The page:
Deirdre Reynolds guides a group of 12- and 13-year-old boys from Buffalo to a recreated suspension bridge that once spanned the Niagara River.
“What does that say?” she asks before they cross in a single file. “Freedom, Canada. Slavery, United States.”
One boy asks if he should run. “We are not going to run anywhere here, because it’s a museum,” she responds.
But the boy is right to ask: They are in the Niagara Falls Underground Railroad Heritage Center, an experiential space that allows visitors to retrace the steps of enslaved black Americans fleeing the United States for their life to Canada.
They regroup at a window that looks across the international border – a Canadian flag fluttering across the gorge – where American abolitionist Harriet Tubman herself crossed. The history lesson is fully focused on the thousands of “freedom seekers” and black abolitionists who aided their escape, especially in the years leading up to the American Civil War. It’s particularly important this month: August 23 is the International Day for the Remembrance of the Slave Trade and its Abolition.
But the group is also treading a centuries-long path to Canada that continues to the present, with thousands of asylum seekers crossing the northern border. And Ally Spongr, the center’s director and curator, says their aim is to connect the past to the present to inspire visitors to contemplate the reasons behind the need to escape, the complicated reality of welcome, and the morality of the roles that the players assume.
“Who is a freedom seeker today?’ she says. Too many don’t take the time to consider it.
Even at this border, Americans may be well versed in what happens at the Mexican border, she says, without realizing that foreigners are also crossing here to leave the US. The number of asylum seekers intercepted at unofficial points of entry into Canada – to avoid being sent back to the US under an agreement between the two nations – spiked last year. But they continue to arrive. By the end of July, 12,378 had been intercepted by the Royal Canadian Mounted Police, the vast majority at Quebec’s frontier with New York.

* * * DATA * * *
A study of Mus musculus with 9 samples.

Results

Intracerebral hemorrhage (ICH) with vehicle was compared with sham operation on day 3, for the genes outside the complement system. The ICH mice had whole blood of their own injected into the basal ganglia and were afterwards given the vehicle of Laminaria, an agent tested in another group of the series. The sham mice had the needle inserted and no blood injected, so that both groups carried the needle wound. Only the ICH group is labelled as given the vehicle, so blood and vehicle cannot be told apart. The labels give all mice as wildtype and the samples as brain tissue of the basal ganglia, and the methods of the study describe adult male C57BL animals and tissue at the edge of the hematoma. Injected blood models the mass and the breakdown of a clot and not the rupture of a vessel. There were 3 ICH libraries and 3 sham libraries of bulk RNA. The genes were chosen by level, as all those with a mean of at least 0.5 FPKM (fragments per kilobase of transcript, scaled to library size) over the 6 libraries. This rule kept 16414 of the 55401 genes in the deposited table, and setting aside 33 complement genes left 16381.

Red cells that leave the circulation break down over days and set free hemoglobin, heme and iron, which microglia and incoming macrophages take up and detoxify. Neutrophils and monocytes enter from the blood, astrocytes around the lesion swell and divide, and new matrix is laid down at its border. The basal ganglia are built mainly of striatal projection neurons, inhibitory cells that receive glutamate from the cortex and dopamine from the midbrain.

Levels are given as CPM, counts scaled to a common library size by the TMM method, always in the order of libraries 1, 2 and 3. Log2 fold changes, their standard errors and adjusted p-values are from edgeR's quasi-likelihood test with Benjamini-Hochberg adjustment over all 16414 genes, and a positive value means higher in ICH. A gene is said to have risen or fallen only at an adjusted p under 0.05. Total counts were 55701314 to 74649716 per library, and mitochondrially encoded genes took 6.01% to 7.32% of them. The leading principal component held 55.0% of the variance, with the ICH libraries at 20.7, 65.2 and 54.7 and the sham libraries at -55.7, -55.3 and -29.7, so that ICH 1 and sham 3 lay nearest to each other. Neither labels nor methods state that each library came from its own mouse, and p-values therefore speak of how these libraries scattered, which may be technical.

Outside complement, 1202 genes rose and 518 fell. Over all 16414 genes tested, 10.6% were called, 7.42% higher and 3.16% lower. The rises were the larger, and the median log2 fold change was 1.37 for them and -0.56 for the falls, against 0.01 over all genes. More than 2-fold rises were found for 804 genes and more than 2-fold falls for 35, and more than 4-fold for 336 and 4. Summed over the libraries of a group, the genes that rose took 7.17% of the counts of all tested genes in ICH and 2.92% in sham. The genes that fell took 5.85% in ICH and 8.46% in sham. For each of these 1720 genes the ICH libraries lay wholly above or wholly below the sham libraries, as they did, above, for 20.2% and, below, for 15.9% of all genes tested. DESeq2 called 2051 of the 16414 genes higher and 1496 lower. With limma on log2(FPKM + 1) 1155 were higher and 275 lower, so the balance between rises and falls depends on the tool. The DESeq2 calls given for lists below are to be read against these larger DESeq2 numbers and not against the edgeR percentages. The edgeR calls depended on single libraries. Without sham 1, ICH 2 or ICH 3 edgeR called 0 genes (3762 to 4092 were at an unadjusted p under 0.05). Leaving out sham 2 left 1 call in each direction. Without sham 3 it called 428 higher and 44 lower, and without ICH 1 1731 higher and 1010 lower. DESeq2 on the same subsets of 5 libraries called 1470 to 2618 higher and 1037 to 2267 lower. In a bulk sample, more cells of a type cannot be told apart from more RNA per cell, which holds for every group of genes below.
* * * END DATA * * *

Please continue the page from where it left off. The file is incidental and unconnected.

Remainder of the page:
“Some are saying, ‘I’m afraid. I need to leave the US,’ ” says Ms. Spongr, whose center opened in May and is connected to a train station that shares space, perhaps fittingly for the experience, with United States Customs and Border Protection. “And I think it’s a powerful and really important thing to think about, and the public to realize.”
Canada has served as a refuge for Americans since the founding of the US, when colonists loyal to the British Crown fled before and after the American Revolution. In the 1960s and ’70s, those opposed to the Vietnam War and the draft found a haven in Canada. When President Trump won the 2016 presidential election, liberal Americans lit up social media with ideas about emigrating north.
That’s often allowed Canada to take the moral high ground against American politics, from the underground railroad to today’s refugee policies.
“The idea of the underground railroad, and being the terminus of the underground railroad, was quite popular,” says Karolyn Smardz Frost, a Canadian historian and author of “Steal Away Home,” about an enslaved woman’s escape north and return home. “It was one-upping the Americans to some extent. We still do it. We are the people with the open-door policy with blankets around refugees as opposed to putting them in handcuffs.”
She says the reality, of course, is far more complicated.
Most of the help that “freedom seekers” received came not from the government, but from those in the Canadian community of black immigrants, many of whom had escaped slavery, and life was hard. After the Fugitive Slave Act was put into place in 1850, support for the abolitionist movement waned in some corners, giving way to fears of a massive migration of black refugees from the US. Not unlike today, many helped, while others resented the smuggling in of “freedom seekers” to escape American policy.
Jodi Giesbrecht, the manager of research and curation at the Canadian Museum for Human Rights in Winnipeg, Manitoba, says Canada’s role in the underground railroad has often tended toward romanticism. “I don’t think people necessarily understand the depth of racism and discrimination that existed here and that escaped slaves continued to face,” she says.
Their exhibit on it, part of the Canadian Journeys gallery, attempts to challenge people’s assumptions about Canada. “I think it’s important not to depict either the history of people coming to Canada or the present in overly simplistic terms,” she says. “When we see Canada as unquestionably welcoming, we fail to see the hardships and discrimination a lot of people really face. And everyone has a role to play in making Canada a more equitable society.”
That is what Ms. Reynolds seeks to teach her school-age group on a recent day. After learning of a slaver who offers cash to help arrest an escaped woman in Niagara Falls named Martha in 1853, she asks the boys if they would take the money, the equivalent today of $3,000. None says he would.
“But people did. And even more people just watched all this happen,” she says, imparting a lesson that applies just as much today as in the 19th century. “People think you were either for slavery or you were against it. But a lot of people just didn’t do anything at all.”